Sunday, June 03, 2007

Moroccan Monarchy - the last king?

Pic 1: a collage of the heir - crown prince Moulay Hassan.

Pic 2: King Mohammed VI and Lalla Salma.

Pic 3:Lalla salma

Does the young boy in the first picture have it in his fate to be the King of Morocco someday? I sincerely hope he does, but then im a monarchist at all costs. The situation in Morocco perhaps suggests otherwise.

When King Mohammed VI became King after the death of his father King Hassan II, there was hope in Morocco, people hoped this young handsome new King would be different from the old one who was authoritarian, autocratic and spent on his various luxuries despite the slow economic growth of his country (0.1%).

Mohammed had the hype then of being this young King who had come to change the way things were in Morocco. Just how he would perform this miraculous feat did not concern anybody - people just felt the times would change and obviously for the better. He was deemed the 'King of the Poor' - that was then. It was rumoured that the young King went about the streets of Morocco dressed incognito to discover the problems of his poor subjects. All this imaginative hype did much to put him on a pedestal.

However the hype cannot always go on. Facts ultimately look you in the face sooner or later.

He did not have a magic wand to wave away everyones miseries. But i guess he did try to what he thought would be the best course in todays modern age. He did suceed to some extent - for instance economic growth grew to almost 6 %.

He did what his counterpart in Jordan, King Abdallah did, what years ago the Shah of Iran had attempted to do (and very sadly it had gone absolutely wrong for him) - he sought to modernize his State, ally with the western world super powers of USA and UK. In trying to create a modern (perhaps his more traditional subjects would term it western rather than modern) , secular, tolerant State perhaps he has opened a hornets nest.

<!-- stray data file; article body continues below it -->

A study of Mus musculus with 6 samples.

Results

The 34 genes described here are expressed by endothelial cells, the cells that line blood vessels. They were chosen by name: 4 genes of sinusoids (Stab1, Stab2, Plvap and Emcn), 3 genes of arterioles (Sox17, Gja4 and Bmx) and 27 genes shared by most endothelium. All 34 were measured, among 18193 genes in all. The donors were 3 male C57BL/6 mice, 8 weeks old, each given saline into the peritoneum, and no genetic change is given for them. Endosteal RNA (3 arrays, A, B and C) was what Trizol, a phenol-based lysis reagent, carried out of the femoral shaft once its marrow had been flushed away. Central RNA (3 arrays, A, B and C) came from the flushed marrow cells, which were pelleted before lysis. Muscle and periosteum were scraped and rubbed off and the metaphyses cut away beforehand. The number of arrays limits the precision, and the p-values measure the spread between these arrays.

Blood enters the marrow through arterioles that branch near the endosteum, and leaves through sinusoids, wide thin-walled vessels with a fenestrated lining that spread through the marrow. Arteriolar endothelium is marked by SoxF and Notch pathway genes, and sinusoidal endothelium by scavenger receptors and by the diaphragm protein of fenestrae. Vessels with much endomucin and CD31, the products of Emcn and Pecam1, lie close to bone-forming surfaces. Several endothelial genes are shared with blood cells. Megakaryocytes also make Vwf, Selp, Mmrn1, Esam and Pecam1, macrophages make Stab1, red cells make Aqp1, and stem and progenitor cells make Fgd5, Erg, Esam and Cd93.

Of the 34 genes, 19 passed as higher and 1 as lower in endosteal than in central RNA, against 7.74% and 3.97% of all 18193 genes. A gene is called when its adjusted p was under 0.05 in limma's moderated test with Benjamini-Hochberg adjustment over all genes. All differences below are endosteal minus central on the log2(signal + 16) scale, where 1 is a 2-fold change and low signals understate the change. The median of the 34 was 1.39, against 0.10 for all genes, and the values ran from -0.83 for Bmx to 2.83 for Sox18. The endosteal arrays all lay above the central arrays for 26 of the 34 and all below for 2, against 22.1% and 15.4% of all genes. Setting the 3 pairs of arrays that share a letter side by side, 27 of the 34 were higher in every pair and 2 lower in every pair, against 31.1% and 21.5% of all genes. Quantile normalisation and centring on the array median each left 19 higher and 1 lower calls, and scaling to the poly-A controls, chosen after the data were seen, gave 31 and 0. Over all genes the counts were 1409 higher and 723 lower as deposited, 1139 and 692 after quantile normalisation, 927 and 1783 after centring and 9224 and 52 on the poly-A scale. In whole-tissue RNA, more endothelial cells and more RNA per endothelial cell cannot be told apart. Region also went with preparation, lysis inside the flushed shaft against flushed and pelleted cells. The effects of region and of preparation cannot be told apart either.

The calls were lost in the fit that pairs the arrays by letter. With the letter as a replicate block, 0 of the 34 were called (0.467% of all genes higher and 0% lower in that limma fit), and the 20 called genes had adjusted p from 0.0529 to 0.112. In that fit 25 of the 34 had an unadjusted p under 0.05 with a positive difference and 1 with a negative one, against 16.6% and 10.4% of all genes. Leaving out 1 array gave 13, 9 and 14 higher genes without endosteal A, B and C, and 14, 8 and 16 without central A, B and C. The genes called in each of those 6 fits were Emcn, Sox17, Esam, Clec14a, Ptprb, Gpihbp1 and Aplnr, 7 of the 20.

The successful mixing of the west and the east has always been a turbulent transmission. More so this is much more than just a cultural exchange. If you are adapting the western system of education, healthcare, freedom of press, freedom for women etc etc. then can radical thinking be far behind? Can the idea of perhaps a different more egalitarian political system and the right to decide your leadership be far behind?

In becoming modern he only has succeeded in making the old traditionalists of Morocco disatisfied - His wife is a public figure, she does not wear the hijab , previously no one ever saw any lady member of the royal family in public, now their pictures in western clothes are splashed all over the print media, especially in foreign magazines like Hello who give them a more celebrity status rather than a traditional royal one.

Perhaps they think it is better to turn to the Islamic fundamentalists who would protect their own islamic identity from merging into a western one - this is what happened to the Shah of Iran years ago!

On the Other hand the younger generation of educated westernized Moroccans are also disatisfied with their lot. They are educated and they want more, far more then the 6% growth the King has managed to establish - they want more freedom, more growth, more earning power - for which Morocco has not the infrastructure!

The poverty is great in Morocco, the royal family's luxurious life is perhaps then condemned. People are now speaking out as they would have never dared to during King Hassan II's reign.

I wish the Royal family of Morocco all the best - but they are walking on a tight rope, they are neither absolutely constitutional as their western counterparts or like Bhutan where the King has voluntarily renounced his absolute authority.

And neither are they absolute monarchs as the other muslim monarchies of Saudi, UAE, Brunei.

I personally believe that this sitting on the fence policy does not serve any purpose - The king is trying to make everyone happy as well as himself - its just not possible.